It was announced last month by ‘videoDoc’, an online health care organisation, that for the 2018/19 academic year, all online consultations delivered via their doctors will be free for all student members of the Union of Students in Ireland.
The service has been brought in in conjunction with the USI and will make medically certified doctors available 7 days a week, from 8am until 10pm. To celebrate the launch of the service, ‘videoDoc’ are also running a competition for those who download their app, where students can win a brand new car worth €14,740.
The announcement comes at an important time for many students, who simply cannot afford to pay for a consultation with a local GP if they do not have access to a medical card. With rising rent levels in accommodation as well as car insurance, the news will be welcomed by the third-level fraternity. In response to the new service, the USI President, Síona Cahill, has said, “we are delighted to partner with videoDoc to provide free online doctor healthcare to our members, alongside existing services on campuses. With the high cost of living and accommodation being the main factor in student poverty, our students can now rest assured that if they get sick they can be seen in minutes by using videoDoc.”
Not only does this give security to full-time students living on campus or around Cork but also to part-time students, those who are on Erasmus and also to people on work placement. According to statistics released from ‘videoDoc’, 71% of students who used their service earlier this year admitted that had they not been able to access the free consultation they would have avoided going to a local GP due to cost and inconvenience. 7% of those surveyed also said that had the service not existed, going to an A&E would have been their only option. Speaking in relation to the findings of the survey, CEO and co-founder of ‘videoDoc’, Mary O’Brien, said, “it was worrying to see such a high figure of students waiting for their symptoms to improve rather than seeing a doctor before their discovery of videoDoc. Students can been seen by a videoDoc doctor within a matter of minutes and a prescription sent to a pharmacy of their choice for immediate collection.”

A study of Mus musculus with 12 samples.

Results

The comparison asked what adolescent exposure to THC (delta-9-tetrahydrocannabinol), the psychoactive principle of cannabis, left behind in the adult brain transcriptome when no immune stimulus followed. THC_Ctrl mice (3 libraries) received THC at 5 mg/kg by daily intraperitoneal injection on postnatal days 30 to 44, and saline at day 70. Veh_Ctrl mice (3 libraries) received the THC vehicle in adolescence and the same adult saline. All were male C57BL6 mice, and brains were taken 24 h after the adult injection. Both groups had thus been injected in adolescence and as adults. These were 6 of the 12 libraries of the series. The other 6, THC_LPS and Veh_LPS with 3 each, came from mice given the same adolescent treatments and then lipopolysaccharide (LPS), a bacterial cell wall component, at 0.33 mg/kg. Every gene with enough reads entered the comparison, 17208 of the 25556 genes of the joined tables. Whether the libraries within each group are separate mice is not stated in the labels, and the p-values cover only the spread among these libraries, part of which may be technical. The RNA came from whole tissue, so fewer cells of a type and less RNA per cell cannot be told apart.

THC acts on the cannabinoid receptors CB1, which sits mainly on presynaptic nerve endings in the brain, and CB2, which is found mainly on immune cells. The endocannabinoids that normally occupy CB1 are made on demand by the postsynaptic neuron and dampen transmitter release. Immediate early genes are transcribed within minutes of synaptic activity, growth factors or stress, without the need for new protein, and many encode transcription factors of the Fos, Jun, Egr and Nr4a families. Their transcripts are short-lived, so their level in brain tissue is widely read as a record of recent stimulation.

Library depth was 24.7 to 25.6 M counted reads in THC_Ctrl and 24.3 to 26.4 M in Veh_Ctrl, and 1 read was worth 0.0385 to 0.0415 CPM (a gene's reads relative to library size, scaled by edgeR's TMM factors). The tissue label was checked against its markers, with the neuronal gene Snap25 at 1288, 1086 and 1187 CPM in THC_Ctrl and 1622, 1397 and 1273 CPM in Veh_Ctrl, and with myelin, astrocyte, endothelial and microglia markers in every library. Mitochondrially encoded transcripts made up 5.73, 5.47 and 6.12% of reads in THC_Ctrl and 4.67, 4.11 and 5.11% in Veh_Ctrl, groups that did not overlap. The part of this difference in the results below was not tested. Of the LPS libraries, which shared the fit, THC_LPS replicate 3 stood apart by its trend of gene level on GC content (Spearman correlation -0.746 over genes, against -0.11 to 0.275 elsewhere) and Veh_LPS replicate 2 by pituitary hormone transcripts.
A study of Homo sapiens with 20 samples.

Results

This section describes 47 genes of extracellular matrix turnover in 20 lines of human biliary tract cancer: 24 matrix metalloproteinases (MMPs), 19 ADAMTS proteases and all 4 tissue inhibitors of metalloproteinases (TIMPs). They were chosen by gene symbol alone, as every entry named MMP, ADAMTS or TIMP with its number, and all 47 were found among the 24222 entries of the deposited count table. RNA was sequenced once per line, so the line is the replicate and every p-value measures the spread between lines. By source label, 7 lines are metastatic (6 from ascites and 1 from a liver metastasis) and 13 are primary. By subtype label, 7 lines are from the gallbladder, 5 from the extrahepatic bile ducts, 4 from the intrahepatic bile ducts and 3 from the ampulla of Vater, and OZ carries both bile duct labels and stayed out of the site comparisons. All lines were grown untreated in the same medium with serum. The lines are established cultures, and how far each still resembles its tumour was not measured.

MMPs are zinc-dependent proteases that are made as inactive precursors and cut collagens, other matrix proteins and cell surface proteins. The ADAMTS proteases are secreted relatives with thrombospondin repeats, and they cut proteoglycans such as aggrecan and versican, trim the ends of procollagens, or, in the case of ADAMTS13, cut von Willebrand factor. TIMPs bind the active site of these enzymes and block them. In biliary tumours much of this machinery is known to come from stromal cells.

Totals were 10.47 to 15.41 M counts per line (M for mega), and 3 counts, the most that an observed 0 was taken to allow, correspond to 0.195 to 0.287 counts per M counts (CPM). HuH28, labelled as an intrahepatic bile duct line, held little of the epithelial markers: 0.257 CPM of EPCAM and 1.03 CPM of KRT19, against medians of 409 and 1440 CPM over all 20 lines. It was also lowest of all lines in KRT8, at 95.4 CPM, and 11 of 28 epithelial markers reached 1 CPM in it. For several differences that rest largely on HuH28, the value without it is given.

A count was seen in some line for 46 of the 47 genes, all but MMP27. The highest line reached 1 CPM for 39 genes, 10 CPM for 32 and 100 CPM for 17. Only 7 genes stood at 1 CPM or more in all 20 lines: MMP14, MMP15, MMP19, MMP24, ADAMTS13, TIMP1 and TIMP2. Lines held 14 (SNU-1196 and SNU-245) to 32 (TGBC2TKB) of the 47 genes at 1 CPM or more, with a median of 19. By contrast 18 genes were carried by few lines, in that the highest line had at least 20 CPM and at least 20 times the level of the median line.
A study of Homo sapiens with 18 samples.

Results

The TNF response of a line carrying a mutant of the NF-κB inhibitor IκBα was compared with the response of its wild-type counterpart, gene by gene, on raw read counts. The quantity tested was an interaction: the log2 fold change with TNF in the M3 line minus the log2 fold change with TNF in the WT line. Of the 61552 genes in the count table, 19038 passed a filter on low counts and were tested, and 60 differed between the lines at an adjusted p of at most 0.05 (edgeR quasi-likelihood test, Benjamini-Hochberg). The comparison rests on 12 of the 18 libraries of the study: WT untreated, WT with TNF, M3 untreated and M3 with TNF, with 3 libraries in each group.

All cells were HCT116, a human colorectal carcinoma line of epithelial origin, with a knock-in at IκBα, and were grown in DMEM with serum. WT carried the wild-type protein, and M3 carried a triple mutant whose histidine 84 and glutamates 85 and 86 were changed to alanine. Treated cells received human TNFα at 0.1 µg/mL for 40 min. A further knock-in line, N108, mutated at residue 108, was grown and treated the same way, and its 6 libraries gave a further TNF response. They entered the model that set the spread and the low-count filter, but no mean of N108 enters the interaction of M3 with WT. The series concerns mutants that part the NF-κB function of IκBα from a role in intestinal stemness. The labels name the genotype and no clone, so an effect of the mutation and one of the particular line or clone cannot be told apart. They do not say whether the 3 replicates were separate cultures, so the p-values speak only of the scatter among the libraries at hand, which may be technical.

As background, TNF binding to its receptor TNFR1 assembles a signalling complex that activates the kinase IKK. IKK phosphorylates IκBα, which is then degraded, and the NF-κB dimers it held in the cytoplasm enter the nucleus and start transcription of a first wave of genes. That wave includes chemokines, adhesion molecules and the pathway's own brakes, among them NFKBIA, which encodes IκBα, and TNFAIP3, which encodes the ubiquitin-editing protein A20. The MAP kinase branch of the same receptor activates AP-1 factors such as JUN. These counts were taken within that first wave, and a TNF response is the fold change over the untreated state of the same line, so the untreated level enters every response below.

In most cases students come forward with some common complaints which include; acne, acute bronchitis, anxiety, depression, contraception and tonsillitis. According to ‘videoDoc’ the most common enquiry from students is access to contraception.
It has been assured that patients will be seen within minutes and if prescriptions are provided they will be available to collect from any pharmacy that the patient requests. Moreover, the organisation has claimed that it has a strong commitment to quality and security. On their website it outlines such a statement, “videoDoc takes its role as a best in practice provider of online healthcare seriously, with patient care being supported by proprietary clinical pathways which aid doctors in delivering a comprehensive service. All videoDoc doctors are registered with the Irish Medical Council, with at least two years on the Specialist Register, and have been fully trained to provide remote health services. videoDoc meets the requirements of GDPR regulations.”